An alcohol industry funded report that claims alcohol is not a cause of violence has been debunked by researchers in New Zealand and Australia.
The report (published in March 2015) from British anthropologist, Dr Anne Fox, focused on the causes of violence and anti-social behaviour in night-time entertainment areas in New Zealand and Australia.
Dr Fox claimed that alcohol consumption was not a cause of violence, but instead, that beliefs regarding acceptable behaviour when drinking were to blame.
She recommended that children were educated regarding proper behaviour when drinking, parents were taught how to talk to their children about alcohol, and the public educated about acceptable drinking behaviour via media campaigns.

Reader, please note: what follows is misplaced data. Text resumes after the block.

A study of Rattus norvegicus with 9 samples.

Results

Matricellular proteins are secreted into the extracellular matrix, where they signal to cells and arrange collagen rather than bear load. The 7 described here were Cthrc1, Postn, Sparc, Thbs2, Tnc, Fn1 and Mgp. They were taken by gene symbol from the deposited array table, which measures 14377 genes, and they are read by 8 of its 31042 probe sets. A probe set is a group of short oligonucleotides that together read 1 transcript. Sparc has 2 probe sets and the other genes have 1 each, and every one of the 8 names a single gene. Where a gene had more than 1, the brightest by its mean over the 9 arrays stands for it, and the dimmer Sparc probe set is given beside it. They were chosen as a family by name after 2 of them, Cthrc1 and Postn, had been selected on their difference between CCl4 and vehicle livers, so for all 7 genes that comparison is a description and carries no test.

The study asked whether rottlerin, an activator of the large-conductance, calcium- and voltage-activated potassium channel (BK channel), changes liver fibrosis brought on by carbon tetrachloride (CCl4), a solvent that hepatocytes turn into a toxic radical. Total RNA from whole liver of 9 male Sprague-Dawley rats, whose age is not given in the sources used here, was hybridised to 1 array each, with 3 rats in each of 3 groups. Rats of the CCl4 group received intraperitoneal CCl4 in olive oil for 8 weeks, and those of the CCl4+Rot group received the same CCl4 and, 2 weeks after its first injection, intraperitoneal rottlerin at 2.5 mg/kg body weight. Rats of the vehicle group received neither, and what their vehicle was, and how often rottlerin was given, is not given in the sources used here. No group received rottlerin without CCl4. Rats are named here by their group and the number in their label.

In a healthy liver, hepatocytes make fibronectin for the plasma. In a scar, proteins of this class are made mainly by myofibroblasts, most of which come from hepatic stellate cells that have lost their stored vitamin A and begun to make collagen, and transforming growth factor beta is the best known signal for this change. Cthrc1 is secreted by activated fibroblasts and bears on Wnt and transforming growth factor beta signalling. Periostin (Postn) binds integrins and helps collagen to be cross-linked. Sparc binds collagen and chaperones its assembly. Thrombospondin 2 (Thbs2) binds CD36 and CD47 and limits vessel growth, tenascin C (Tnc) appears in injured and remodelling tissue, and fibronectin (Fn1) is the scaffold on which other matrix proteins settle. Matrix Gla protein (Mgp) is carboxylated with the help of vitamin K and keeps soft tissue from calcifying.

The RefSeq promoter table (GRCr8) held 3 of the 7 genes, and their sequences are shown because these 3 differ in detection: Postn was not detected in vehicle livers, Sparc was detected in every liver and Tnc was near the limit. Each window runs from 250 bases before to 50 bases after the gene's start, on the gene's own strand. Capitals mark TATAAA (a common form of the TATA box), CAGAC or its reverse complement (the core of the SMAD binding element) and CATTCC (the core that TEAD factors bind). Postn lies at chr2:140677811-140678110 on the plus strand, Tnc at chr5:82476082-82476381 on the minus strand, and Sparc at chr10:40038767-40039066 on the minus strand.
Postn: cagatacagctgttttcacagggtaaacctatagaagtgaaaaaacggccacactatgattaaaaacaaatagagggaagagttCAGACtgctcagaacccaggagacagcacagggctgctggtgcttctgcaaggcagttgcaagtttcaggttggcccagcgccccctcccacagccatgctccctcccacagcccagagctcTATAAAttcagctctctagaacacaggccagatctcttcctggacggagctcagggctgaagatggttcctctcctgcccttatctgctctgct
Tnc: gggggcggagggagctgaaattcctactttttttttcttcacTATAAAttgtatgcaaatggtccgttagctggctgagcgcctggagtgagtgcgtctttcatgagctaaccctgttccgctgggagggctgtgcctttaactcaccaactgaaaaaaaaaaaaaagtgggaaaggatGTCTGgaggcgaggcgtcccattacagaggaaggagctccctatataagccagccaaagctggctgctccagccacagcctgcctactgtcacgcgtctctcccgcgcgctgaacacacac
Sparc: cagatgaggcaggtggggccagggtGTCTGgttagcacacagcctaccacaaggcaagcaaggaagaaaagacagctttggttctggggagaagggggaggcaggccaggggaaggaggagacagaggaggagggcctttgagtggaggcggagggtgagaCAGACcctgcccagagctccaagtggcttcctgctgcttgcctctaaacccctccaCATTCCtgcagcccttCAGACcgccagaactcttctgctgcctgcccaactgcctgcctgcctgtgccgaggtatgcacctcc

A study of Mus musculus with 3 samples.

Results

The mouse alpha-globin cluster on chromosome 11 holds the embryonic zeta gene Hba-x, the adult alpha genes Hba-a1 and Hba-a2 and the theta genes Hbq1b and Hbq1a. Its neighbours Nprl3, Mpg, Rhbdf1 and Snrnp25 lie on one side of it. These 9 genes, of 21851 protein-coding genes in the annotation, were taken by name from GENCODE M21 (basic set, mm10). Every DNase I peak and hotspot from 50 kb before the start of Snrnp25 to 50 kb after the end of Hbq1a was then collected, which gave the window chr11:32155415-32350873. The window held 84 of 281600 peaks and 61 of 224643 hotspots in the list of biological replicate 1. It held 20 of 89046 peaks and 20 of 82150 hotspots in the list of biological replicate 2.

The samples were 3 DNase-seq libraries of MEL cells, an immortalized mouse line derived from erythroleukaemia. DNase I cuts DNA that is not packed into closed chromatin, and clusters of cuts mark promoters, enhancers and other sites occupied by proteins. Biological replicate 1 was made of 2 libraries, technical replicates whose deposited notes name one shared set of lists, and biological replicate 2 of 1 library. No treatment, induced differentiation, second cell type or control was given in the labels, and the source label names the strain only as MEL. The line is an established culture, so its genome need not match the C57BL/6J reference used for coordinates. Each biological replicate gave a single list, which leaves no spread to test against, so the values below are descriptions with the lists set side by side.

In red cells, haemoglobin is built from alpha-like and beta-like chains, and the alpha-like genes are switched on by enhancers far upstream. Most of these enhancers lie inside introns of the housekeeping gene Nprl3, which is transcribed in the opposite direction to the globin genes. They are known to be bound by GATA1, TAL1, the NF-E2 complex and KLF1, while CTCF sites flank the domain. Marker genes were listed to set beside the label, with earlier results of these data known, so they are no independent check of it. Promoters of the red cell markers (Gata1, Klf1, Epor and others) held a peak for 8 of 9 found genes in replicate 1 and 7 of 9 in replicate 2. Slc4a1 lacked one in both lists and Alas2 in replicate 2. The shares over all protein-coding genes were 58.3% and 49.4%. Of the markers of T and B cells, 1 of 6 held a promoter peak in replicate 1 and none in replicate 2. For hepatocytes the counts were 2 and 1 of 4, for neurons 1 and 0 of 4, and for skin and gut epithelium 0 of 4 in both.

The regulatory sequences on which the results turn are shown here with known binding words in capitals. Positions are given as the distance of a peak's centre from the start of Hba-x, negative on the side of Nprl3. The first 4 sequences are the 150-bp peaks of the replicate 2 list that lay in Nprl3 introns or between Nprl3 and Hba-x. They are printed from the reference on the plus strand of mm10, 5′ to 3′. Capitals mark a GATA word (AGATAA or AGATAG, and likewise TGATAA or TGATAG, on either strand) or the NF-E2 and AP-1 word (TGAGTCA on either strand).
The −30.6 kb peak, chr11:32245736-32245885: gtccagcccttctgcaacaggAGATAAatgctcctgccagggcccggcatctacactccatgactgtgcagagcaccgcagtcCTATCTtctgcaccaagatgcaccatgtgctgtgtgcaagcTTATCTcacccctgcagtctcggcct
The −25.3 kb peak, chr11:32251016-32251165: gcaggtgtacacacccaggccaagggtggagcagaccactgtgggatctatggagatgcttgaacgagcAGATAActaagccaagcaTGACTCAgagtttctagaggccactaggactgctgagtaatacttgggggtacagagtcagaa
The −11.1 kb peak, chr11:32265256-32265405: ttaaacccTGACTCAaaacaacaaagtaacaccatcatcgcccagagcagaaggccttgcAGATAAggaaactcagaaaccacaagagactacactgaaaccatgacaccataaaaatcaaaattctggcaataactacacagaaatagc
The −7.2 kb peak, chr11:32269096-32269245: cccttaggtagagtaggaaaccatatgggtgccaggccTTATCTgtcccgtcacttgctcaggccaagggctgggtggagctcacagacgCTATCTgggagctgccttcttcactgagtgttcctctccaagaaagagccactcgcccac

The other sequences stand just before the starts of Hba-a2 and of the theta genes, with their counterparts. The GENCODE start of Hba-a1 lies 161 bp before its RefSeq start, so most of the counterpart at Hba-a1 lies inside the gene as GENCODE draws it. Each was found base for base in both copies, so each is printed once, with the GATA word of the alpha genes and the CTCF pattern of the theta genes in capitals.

Researchers Nicki Jackson from the University of Auckland and Professor Kypros Kypri from the University of Newcastle in Australia, were appalled at the report’s recommendations.
They have published a critique in the latest issue of the international peer-reviewed journal Addiction, addressing the key claims with reference to the scientific evidence.
Ms Jackson says that “these types of recommended approaches may modify a person’s knowledge or attitude, but rarely their behaviour.”
“The report is highly selective in the research used to support its recommendations. It fails to acknowledge the huge body of evidence concerning effective strategies for reducing violence, such as earlier cessation of sales in licensed premises,” she says.
“Despite failing to meet even basic standards of research the report cannot be ignored, because the findings are being used by the alcohol industry to overturn licensing decisions and in submissions on public policy,” says Professor Kypri.
“We believe this was simply an effort by the alcohol industry to raise doubts about the existing evidence, which is strong,” he says. “Employing ‘merchants of doubt’ is a strategy used by the fossil fuel industry to subvert science on global warming.”
“This report should be viewed in the same way.”